EU puts energy crisis steps on hold to address gas price cap

EU puts energy crisis steps on hold to address gas price cap

Energy ministers holding an emergency meeting in Brussels agreed on the content of several emergency measures, but will delay formal approval until mid-December with a group of countries pushing to toughen the EU’s executive arm’s price-cap plan, according to two EU diplomats.  

“We can’t make a decision on anything as long as we can’t decide on everything,” Belgium’s energy minister, Tinne Van der Straeten, said ahead of Thursday’s meeting.

The diplomats were trying to reach an agreement on a package that includes strengthening a mechanism for joint gas purchases, limiting intraday price volatility, and enabling faster permitting for renewable energy projects. The language is agreed on those, the diplomats said.

EU energy ministers will hold another emergency meeting, likely on Dec 13, the diplomats added.

The stakes are high: Failure to reach a deal would send a signal that the EU’s united response to the war-driven energy crisis is falling apart — a political gift for Moscow that Europe is keen to avoid.

In the background, another fight still festers: The bloc is bitterly divided about how to implement a Group of Seven-led plan to curb Russia’s oil revenues. EU diplomats failed to reach an accord after deliberations ran late into Wednesday night, but are optimistic a deal can be clinched as early as Thursday.

The commission had come up with a proposal to cap the price of gas this week after repeated calls from a large group of member states — even amid concerns from other quarters that the move could endanger supply. The proposed emergency brake level of €275 per megawatt-hour is well above current levels, raising the question if it will ever be used, and has complicated Thursday’s meeting.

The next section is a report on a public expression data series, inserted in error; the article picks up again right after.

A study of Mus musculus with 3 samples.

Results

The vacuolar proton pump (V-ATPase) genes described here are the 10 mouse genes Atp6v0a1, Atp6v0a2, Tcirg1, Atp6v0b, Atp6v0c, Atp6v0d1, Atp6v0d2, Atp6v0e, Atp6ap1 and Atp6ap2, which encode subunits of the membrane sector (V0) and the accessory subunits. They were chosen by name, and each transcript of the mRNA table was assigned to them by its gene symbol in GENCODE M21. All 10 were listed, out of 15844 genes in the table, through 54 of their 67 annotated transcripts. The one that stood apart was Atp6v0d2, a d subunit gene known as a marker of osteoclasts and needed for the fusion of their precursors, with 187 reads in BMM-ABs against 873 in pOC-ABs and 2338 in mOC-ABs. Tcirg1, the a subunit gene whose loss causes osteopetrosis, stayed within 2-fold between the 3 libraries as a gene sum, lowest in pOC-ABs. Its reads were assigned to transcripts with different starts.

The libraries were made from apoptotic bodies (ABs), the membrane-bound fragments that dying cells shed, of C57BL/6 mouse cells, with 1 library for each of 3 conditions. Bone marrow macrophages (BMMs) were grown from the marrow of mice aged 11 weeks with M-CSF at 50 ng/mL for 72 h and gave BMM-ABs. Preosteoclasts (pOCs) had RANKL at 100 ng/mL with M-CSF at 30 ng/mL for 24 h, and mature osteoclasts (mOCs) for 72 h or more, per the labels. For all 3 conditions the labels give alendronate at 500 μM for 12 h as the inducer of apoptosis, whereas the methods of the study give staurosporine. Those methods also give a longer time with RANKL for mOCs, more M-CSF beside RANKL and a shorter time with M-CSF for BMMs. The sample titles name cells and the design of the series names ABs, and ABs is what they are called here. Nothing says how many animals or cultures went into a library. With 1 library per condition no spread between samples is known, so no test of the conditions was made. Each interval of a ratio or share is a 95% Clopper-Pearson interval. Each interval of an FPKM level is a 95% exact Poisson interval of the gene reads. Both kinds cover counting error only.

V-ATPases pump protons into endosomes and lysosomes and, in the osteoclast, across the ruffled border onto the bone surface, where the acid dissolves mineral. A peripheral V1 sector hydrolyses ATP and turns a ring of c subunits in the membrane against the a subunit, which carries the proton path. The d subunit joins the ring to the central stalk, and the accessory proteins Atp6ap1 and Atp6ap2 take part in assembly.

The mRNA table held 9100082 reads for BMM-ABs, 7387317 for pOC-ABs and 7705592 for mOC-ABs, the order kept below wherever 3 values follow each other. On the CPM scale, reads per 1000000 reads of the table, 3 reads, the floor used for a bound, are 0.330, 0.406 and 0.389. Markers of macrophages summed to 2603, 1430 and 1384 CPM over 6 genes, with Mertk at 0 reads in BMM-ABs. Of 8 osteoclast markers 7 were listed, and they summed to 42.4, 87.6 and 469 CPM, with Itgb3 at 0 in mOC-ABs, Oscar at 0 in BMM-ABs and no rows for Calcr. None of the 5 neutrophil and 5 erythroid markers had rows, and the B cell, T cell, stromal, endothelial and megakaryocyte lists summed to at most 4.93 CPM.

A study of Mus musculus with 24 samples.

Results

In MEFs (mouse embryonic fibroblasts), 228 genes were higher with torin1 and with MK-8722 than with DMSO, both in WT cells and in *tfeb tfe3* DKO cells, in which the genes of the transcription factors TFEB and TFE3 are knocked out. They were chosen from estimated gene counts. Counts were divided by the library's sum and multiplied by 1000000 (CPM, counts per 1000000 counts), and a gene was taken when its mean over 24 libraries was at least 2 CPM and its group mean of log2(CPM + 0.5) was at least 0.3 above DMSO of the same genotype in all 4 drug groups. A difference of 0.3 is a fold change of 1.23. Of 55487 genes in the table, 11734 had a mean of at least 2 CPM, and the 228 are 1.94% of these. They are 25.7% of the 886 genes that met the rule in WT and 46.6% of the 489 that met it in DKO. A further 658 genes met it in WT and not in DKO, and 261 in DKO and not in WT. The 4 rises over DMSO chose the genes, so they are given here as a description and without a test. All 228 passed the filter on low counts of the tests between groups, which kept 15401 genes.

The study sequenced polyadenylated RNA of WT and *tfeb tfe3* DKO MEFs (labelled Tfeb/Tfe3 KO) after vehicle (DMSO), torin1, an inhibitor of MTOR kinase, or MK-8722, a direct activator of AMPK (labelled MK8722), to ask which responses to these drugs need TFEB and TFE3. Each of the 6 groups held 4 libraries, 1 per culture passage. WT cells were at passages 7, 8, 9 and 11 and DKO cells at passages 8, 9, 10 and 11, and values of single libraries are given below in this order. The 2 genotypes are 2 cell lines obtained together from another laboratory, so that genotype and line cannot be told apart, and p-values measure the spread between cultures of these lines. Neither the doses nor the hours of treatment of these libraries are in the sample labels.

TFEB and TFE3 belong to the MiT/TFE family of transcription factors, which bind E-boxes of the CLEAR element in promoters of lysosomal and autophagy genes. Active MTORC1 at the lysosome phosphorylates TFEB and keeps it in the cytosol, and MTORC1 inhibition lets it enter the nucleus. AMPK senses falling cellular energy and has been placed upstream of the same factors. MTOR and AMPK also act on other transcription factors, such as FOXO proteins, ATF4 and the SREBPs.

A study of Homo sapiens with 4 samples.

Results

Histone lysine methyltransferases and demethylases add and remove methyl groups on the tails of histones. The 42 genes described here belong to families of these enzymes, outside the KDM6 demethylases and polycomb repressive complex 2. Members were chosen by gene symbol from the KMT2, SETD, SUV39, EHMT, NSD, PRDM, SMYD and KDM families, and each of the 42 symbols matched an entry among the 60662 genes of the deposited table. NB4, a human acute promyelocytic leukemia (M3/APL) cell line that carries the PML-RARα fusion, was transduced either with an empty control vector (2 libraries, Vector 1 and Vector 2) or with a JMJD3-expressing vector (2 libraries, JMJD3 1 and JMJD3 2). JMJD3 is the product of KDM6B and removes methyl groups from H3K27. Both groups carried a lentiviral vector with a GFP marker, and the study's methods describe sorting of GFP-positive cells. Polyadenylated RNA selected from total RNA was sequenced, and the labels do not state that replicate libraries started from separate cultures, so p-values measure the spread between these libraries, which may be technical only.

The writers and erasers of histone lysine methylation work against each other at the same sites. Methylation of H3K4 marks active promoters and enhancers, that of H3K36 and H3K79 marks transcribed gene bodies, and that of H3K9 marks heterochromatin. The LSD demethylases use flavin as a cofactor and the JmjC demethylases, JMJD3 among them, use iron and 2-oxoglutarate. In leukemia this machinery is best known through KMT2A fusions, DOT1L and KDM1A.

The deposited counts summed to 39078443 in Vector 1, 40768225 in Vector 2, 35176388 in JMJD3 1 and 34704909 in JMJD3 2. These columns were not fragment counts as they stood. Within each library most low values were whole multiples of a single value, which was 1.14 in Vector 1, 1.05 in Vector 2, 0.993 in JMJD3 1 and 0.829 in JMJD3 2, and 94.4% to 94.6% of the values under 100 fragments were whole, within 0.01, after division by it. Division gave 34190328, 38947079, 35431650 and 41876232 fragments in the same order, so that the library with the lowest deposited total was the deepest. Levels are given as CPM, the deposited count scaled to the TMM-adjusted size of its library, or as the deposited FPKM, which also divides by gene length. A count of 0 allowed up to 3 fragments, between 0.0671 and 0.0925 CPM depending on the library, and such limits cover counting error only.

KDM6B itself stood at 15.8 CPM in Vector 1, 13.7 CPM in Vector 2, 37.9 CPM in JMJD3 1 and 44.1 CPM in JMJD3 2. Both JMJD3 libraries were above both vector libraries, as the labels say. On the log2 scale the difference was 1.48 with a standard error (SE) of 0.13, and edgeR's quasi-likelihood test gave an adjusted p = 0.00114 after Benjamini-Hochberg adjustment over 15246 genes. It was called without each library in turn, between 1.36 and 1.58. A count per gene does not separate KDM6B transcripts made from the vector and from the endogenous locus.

“We expect the discussions today to be rather spicy,” Czech deputy prime minister Jozef Sikela told reporters ahead of the meeting.

In the days leading up to the gathering, Spain had derided the price-cap plan as a “mockery,” and France said the conditions were extreme.

The package discussed on Thursday includes:

A proposal for trading venues to be required to establish a new temporary intraday volatility management mechanism in electricity and gas derivatives by Jan 31, 2023. To avoid unintended disruptions on markets for less liquid contracts, the tool should focus on front-month energy derivatives.

A common purchase platform to coordinate refilling of gas reserves. Member states would require their gas companies to take part in demand aggregation with volumes equal to at least 15% of their storage-filling targets. Companies could form a European consortium to negotiate long-term contracts.

Separately, the European Commission set an intermediate target for use of gas in storage sites this the winter. By Feb 1, the bloc’s inventories should be at least 45% full even after high-demand winter months, to avoid depletion by the end of the winter season. If the winter is mild, the goal is to leave storage levels at 55% by then.